SAG Awards offer window into Oscar race

Oscar tea-leaf reading doesn’t get any better than at the Screen Actors Guild Awards.

When the 20th annual SAG Awards get underway Saturday night at the Shrine Auditorium in Los Angeles (broadcast live on TNT and TBS beginning at 8 p.m. EST), the guild’s choices will be heavily scrutinized for their predictive powers about the Academy Awards.

Actors make up the largest branch of the Academy of Motion Picture Arts and Sciences, so SAG members have perhaps more sway in determining Academy Awards winners than any other group.

This year, the five nominees for SAG’s top honor, outstanding performance by a movie cast, are: “12 Years a Slave,” “American Hustle,” “Dallas Buyers Club,” “August: Osage County” and “Lee Daniels’ The Butler.”

Obviously, SAG and the academy don’t always agree: Neither “August: Osage County” nor “The Butler” were nominated for best picture, and “The Butler” was snubbed entirely. The effects-heavy, sparsely peopled “Gravity” was predictably overlooked by SAG (except for a best actress nomination to Sandra Bullock), while it garnered 10 Oscar nods.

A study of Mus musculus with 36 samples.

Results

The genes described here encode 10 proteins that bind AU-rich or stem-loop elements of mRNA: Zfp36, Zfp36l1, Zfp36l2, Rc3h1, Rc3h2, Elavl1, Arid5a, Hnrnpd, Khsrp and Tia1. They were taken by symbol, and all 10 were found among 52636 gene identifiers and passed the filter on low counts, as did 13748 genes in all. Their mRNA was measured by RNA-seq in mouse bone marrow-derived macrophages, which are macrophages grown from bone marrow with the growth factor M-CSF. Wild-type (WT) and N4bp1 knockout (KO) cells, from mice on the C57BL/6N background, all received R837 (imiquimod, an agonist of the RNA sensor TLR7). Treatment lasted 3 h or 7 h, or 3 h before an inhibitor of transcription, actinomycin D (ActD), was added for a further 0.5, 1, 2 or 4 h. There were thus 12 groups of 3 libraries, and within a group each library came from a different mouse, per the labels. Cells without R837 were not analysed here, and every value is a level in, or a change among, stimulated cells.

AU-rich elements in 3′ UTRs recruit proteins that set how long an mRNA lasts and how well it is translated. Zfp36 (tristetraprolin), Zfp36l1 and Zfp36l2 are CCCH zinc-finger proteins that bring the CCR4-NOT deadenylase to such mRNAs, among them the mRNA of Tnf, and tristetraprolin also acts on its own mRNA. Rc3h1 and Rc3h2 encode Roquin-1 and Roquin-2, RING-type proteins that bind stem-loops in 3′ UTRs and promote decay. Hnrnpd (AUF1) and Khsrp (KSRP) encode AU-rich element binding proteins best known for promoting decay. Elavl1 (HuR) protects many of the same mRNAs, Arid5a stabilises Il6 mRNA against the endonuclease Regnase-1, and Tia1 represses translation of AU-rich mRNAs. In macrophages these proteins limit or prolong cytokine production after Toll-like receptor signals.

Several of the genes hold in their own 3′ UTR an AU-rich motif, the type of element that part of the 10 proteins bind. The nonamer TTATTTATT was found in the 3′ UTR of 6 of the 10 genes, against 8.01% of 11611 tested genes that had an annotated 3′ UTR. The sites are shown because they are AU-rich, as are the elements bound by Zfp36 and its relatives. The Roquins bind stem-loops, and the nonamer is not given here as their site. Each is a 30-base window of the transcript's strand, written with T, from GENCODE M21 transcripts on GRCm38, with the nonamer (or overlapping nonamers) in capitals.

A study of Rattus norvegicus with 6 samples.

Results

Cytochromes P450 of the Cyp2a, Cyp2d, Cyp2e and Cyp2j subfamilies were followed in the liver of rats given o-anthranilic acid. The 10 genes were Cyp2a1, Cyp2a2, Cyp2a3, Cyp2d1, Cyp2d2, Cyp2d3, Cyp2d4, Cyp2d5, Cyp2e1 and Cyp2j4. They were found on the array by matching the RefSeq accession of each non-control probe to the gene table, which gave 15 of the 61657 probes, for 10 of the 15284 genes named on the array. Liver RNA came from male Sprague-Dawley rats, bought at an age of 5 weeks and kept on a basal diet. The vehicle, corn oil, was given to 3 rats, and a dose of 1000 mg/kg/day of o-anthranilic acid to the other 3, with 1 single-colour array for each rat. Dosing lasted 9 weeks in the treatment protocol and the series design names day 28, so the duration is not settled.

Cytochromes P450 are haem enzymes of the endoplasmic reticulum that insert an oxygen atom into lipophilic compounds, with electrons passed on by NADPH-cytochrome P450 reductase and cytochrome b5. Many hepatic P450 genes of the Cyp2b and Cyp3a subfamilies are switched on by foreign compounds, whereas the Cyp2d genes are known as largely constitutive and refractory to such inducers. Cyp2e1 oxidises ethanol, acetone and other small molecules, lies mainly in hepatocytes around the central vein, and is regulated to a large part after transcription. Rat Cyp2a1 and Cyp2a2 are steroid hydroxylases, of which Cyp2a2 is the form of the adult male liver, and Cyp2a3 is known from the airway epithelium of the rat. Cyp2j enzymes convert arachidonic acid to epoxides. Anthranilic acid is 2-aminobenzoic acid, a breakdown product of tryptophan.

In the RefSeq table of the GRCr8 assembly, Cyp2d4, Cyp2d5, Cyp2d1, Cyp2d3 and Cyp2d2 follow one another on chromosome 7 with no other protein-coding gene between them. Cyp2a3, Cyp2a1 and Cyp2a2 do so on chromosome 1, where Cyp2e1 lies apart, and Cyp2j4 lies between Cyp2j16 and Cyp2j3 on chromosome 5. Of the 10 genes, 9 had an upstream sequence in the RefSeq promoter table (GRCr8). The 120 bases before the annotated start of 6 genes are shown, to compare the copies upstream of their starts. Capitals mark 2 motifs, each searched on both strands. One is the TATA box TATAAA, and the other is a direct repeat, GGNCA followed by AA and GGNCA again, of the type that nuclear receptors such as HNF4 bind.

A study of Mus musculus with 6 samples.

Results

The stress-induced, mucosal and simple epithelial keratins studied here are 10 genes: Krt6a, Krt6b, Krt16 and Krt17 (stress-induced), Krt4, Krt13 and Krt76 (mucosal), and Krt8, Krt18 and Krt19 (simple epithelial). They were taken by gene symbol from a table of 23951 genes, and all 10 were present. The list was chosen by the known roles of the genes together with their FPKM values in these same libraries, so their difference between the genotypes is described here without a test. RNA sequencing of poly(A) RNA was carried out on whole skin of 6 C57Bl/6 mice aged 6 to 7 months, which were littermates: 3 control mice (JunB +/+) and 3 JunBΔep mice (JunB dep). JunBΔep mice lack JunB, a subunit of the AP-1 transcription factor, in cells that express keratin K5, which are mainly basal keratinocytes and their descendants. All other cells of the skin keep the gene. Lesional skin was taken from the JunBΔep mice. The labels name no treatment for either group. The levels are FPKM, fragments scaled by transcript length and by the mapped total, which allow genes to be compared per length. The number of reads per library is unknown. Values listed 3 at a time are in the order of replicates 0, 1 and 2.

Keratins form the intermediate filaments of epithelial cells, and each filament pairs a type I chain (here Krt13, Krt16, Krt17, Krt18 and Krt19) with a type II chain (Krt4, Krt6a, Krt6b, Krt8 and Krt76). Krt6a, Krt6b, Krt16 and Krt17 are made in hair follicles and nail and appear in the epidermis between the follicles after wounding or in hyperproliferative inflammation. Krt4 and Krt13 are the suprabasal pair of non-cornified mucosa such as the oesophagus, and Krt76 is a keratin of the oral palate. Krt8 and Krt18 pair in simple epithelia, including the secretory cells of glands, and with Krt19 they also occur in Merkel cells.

But the SAG Awards will give a window into support for Oscar favorites “12 Years a Slave” and “American Hustle.” In individual honors, SAG favored “12 Years,” nominating Chiwetel Ejiofor, Michael Fassbender and Lupita Nyong’o. Jennifer Lawrence, for supporting actress, is the lone “American Hustle” nominee.

The SAG outstanding cast awards have lined up with Oscar best-picture winners, including “Argo,” “The King’s Speech,” “Slumdog Millionaire” and “No Country for Old Men.” But SAG diverged in the past with picks like “The Help,” “Inglourious Basterds” and “Little Miss Sunshine.” The actors did foretell one of the biggest Oscar upsets in 2005, choosing “Crash” over “Brokeback Mountain.”

But the SAG Awards also represent one of the more collegiate atmospheres of awards season, with winners almost uniformly expressing gratitude for an honor chosen by their peers. The speeches are often good, too, and can help stoke Oscar support.

Among the nominees Saturday night are Cate Blanchett (“Blue Jasmine”), Matthew McConaughey (“Dallas Buyers Club”), Forest Whitaker (“Lee Daniels’ The Butler”), Meryl Streep (“August: Osage County”), Tom Hanks (“Captain Phillips”), Emma Thompson (“Saving Mr. Banks”) and Bruce Dern (“Nebraska”). James Gandolfini was nominated posthumously for his supporting performance in “Enough Said.”

Among SAG’s TV drama ensemble contenders are HBO’s “Boardwalk Empire” and “Game of Thrones,” AMC’s “Breaking Bad,” PBS’s “Downton Abbey” and Showtime’s “Homeland.” Comedy series ensemble nominees include NBC’s “30 Rock,” Netflix’s “Arrested Development,” CBS’s “The Big Bang Theory,” ABC’s “Modern Family” and HBO’s “Veep.”

SAG’s lifetime achievement award will be given Rita Moreno, the 81-year-old “West Side Story” actress whose career has spanned Broadway, television and music.